By Anne-Margaret Olsson posted 12-04-2019 16:57

  
The Artery is your community for finding solutions to your day-to-day clinical chemistry questions. Last month, several answers were found to questions ranging from “Which equation do labs use to calculate eGFR using serum creatinine values?” to “What is the difference between a lead test that is marketed as an Occupational Safety and Health Administration (OSHA) lead test versus a plain lead test?”. Read on for our editor’s picks of the best discussions on the Artery in November.

Quality Control Storage
Initiated by @Robert Rosecrans, PhD, ABB, FAACC

One poster is wondering why his lab was cited by a mock Joint Commission inspector for storing quality control material in the same refrigerator as patient specimens. In response, an Arterian who is a Joint Commission surveyor explained that reagents and specimens can be stored in the same refrigerator as long as precautions are taken to minimize the risk of contamination. Since the original poster’s current practices meet this standard, he realized the mock inspector simply misinterpreted the Joint Commission standards, which a couple other respondents warned often happens with mock inspections.

OSHA Lead vs. Lead Screening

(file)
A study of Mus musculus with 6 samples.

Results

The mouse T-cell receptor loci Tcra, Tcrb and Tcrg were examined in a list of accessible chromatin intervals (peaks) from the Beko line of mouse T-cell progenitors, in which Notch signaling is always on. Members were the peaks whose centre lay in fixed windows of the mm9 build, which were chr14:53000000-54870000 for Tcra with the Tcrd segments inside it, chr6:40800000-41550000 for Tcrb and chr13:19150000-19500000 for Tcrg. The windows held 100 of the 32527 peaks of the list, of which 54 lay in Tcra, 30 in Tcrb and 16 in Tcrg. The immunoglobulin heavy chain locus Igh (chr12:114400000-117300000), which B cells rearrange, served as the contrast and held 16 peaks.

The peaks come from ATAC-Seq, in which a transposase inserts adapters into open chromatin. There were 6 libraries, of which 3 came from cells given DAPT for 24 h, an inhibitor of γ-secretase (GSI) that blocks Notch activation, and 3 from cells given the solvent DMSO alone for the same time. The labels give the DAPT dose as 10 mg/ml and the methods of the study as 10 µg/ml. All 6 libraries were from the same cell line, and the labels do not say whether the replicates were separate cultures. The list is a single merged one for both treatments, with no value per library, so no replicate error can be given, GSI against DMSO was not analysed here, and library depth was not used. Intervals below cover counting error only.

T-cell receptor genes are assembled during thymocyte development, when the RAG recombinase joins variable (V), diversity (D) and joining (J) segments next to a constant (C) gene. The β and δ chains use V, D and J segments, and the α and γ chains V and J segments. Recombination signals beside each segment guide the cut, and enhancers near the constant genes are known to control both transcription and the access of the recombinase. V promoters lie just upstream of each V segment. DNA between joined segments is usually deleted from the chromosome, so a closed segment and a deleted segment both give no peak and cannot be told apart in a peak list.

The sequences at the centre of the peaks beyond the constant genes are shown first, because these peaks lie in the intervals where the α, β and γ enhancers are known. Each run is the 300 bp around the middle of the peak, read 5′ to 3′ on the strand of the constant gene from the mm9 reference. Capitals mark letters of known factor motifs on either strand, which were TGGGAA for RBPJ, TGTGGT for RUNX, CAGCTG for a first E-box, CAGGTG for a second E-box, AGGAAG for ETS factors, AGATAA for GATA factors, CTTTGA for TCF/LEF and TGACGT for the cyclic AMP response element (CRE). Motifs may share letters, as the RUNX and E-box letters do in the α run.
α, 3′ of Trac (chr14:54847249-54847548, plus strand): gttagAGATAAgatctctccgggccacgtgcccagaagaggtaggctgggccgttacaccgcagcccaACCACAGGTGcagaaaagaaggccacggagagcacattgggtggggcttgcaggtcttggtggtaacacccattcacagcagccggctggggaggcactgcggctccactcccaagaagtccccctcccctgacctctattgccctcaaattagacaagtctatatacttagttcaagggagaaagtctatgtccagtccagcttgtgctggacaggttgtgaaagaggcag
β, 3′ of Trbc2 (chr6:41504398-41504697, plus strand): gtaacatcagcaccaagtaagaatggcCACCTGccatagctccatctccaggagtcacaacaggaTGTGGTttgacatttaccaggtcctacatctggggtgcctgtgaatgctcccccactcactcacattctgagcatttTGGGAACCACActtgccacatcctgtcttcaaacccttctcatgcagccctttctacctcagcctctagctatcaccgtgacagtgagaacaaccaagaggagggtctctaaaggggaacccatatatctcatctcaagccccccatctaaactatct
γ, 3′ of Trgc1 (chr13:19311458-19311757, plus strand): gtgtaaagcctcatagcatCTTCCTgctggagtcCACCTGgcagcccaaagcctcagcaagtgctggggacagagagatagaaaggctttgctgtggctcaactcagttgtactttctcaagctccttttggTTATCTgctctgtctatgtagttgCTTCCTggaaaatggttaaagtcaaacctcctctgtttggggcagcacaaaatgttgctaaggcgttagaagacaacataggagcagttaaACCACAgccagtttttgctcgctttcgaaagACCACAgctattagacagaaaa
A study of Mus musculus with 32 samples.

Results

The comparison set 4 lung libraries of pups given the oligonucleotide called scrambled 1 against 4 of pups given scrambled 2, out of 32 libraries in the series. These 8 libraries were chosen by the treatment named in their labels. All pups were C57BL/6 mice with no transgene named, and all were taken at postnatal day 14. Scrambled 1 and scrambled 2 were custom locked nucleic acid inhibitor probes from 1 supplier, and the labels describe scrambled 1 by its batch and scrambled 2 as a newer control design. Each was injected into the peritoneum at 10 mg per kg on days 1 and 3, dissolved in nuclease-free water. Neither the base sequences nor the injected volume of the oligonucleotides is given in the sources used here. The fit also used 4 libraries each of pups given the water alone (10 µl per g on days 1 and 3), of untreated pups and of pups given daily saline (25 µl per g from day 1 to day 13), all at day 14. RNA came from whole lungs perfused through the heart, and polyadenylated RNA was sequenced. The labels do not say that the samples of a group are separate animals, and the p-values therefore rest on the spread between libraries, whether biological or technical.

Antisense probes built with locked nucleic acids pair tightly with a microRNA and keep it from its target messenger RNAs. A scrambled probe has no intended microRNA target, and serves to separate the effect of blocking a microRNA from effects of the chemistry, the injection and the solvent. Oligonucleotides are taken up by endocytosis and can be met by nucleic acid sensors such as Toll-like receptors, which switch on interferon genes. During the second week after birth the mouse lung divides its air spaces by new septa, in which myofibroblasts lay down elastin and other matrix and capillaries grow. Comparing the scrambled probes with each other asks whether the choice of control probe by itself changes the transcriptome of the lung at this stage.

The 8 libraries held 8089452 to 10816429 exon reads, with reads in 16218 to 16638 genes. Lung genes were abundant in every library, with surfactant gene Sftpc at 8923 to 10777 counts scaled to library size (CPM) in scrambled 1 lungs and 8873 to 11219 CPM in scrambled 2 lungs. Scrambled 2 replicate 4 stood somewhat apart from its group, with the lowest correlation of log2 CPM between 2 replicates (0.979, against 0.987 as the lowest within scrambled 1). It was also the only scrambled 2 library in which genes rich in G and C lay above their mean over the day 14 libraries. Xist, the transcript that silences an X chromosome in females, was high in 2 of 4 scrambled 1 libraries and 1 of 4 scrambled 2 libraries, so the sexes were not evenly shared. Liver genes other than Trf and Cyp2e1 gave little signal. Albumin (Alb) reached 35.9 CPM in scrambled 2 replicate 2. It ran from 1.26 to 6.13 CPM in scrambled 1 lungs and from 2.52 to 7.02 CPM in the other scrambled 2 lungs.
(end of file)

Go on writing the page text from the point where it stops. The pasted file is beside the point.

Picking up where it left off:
Initiated by @Becky Brtva, ASCP, MT (ASCP)

What is the difference between a lead test that is marketed as an Occupational Safety and Health Administration (OSHA) lead test versus a plain lead test? One Arterian responded that an OSHA webpage states that labs performing OSHA lead testing must meet the agency’s accuracy requirements in blood lead proficiency testing. According to the OSHA site, the agency also uses two different lead testing standards: a general industry lead standard and a construction lead standard.

Salivary Cortisols
Initiated by @Mary Giddens, HHS

In a case where a patient’s serum cortisol levels have been consistently low, would salivary cortisol and ACTH testing also be helpful? According to one respondent, salivary cortisol reflects free bio available cortisol, which can be more relevant than the total cortisol levels reflected by serum cortisol. Another respondent added that early morning salivary cortisol testing could reduce the need for ACTH stimulation tests, but this approach requires further clinical validation. In the meantime, ACTH is indeed recommended for differentiating primary adrenal insufficiency from secondary.

eGFR
Initiated by @Saifuddin Khaled

Which equation do labs use to calculate eGFR using serum creatinine values? Out of the labs that have responded so far, 5 use CKD-EPI and 3 use both MDRD and CKD-EPI. 3 labs also elaborated that they use the Schwartz formula in pediatric patients, while for adults older than 70, 1 lab runs cystatin C and then applies the corresponding formula. Some researchers have also proposed a full-age spectrum formula to eliminate the discrepancies observed between the CKD-EPI and Schwartz formulas in patients who are 17 years old (the transition age between pediatric and adult care).